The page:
In the German phase III SUCCESS A trial reported in JAMA Oncology, Friedl et al found no differences in disease-free or overall survival with 5 vs 2 years of zoledronate treatment following adjuvant chemotherapy for early breast cancer.
In the multicenter, open-label, 2 × 2 factorial design trial, 3,754 women with node-positive or high-risk node-negative disease (≥ pT2, histologic grade 3, hormone receptor–negative, or age ≤ 35 years) were randomly assigned between September 2005 and March 2007 to receive adjuvant chemotherapy with three cycles of fluorouracil, epirubicin, and cyclophosphamide (FEC) followed by three cycles of docetaxel with vs without gemcitabine. After chemotherapy, patients were randomly assigned to receive either 2 years of zoledronate at 4 mg every 3 months (n = 1,447 included in analysis) or 5 years of zoledronate at 4 mg every 3 months for 2 years followed by 4 mg every 6 months for 3 years (n = 1,540 included in analysis).
The current report provides findings only for the zoledronate 2- vs 5-year randomization. The primary endpoint was disease-free survival. Survival times were measured from 2 years after the start of zoledronate in a landmark analysis. Multivariable analyses adjusted for age, body mass index, menopausal status, type of surgery, tumor size, nodal category, histologic grade, histologic type, hormone receptor status, HER2 status, and adjuvant chemotherapy. Final data analysis was performed between September 2019 and October 2020.
Median follow-up from 2 years after the start of zoledronate treatment was 35.4 months for both 2-year landmark disease-free survival and distant disease–free survival and 36.0 months for 2-year landmark overall survival.
Disease-free survival events occurred in 129 patients in the 5-year group (8.4%) vs 121 in the 2-year group (8.4%). Hazard ratios (HRs) in the landmark analysis for 5 vs 2 years were 0.97 (95% confidence interval [CI] = 0.76–1.25, P = .83) on univariate analysis and 0.97 (95% CI = 0.75–1.25, P = .81) on multivariate analysis. HRs were 1.08 (95% CI = 0.77–1.52) among patients receiving FEC plus docetaxel and 0.86 (95% CI = 0.60–1.23) among those receiving FEC plus docetaxel and gemcitabine.
Overall survival events occurred in 59 patients in the 5-year group vs 57 in the 2-year group. HRs in the landmark analysis for 5 vs 2 years were 0.93 (95% CI = 0.65–1.34, P = .71) on univariate analysis and 0.98 (95% CI = 0.67–1.42, P = .90) on multivariate analysis. HRs for 5 vs 2 years in landmark analysis of distant disease–free survival (total of 177 events) were 0.86 (95% CI = 0.64–1.16, P = .32) on univariate analysis and 0.87 (95% CI = 0.65–1.18, P = .38) on multivariate analysis.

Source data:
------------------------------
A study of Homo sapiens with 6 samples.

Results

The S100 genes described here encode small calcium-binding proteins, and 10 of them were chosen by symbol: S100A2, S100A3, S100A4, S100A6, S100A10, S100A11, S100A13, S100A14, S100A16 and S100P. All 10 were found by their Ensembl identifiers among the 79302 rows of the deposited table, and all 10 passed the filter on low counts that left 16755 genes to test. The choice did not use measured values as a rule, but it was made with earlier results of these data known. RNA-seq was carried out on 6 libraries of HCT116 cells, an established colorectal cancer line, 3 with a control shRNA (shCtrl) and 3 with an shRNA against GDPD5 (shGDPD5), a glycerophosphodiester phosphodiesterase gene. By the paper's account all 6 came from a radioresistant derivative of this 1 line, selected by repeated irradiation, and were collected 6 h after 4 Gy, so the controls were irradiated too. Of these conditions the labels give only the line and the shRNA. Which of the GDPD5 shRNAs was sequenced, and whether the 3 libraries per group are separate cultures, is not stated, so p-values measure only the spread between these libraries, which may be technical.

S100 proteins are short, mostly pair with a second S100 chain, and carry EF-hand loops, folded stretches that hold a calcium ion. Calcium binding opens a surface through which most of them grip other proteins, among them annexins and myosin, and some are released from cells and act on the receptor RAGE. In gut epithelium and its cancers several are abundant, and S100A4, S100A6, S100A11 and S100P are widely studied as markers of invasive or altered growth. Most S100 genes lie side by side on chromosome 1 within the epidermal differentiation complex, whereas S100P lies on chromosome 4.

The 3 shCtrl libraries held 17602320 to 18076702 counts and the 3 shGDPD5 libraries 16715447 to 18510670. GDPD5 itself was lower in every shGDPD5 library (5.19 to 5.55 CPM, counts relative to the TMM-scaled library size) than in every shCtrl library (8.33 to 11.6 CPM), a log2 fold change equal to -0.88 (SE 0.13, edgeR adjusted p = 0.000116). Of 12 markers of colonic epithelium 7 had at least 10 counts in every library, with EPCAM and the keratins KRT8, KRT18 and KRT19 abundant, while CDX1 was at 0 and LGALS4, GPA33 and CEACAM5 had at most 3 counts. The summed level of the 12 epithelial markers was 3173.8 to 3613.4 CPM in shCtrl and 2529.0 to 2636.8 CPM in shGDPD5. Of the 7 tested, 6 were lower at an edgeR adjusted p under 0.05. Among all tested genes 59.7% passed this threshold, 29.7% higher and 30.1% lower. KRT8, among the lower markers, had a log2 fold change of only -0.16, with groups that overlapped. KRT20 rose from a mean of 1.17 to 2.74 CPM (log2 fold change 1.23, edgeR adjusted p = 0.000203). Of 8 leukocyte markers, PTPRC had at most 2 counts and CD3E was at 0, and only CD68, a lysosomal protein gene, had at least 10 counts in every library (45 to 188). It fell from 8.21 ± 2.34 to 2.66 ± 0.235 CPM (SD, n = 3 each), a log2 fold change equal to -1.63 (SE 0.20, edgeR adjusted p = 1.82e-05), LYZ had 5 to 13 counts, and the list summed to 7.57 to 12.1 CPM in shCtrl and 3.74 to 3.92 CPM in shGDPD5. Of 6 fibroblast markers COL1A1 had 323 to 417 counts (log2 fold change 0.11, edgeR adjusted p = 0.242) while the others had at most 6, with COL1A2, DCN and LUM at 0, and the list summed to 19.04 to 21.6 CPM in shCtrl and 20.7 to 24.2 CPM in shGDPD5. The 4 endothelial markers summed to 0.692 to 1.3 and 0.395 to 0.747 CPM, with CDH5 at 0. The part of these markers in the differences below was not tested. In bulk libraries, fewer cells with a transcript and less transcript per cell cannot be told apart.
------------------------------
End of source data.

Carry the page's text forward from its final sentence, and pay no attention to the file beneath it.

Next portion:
Adverse events of any grade occurred in 46.2% of the 5-year group vs 27.2% of the 2-year group (P < .001), with grade 3 or 4 events occurring in 7.6% vs 5.1%. In both groups, the skeletal-related events of bone pain and arthralgia were the most common adverse events; both bone pain (8.3% vs 3.7%) and arthralgia (5.1% vs 3.1%) were more common in the 5-year group. Fractures were observed in 14 vs 3 patients. Osteonecrosis of the jaw was observed in 11 vs 5 patients.
The investigators concluded: “The results of this phase III randomized clinical trial indicate that extending the zoledronate treatment beyond 2 years does not improve the prognosis of high-risk patients with early breast cancer receiving chemotherapy, suggesting that the currently recommended bisphosphonate treatment duration of 3 to 5 years could be reduced.”
Thomas W.P. Friedl, PhD, of the Department of Gynecology and Obstetrics, University Hospital Ulm, is the corresponding author of the JAMA Oncology article.
Disclosure: The investigator-initiated trial was supported by grants from AstraZeneca, Chugai, Menarini Silicon Biosystems (formerly Veridex), Lilly, Novartis, and Sanofi-Aventis. For full disclosures of the study authors, visit jamanetwork.com.The content in this post has not been reviewed by the American Society of Clinical Oncology, Inc. (ASCO®) and does not necessarily reflect the ideas and opinions of ASCO®.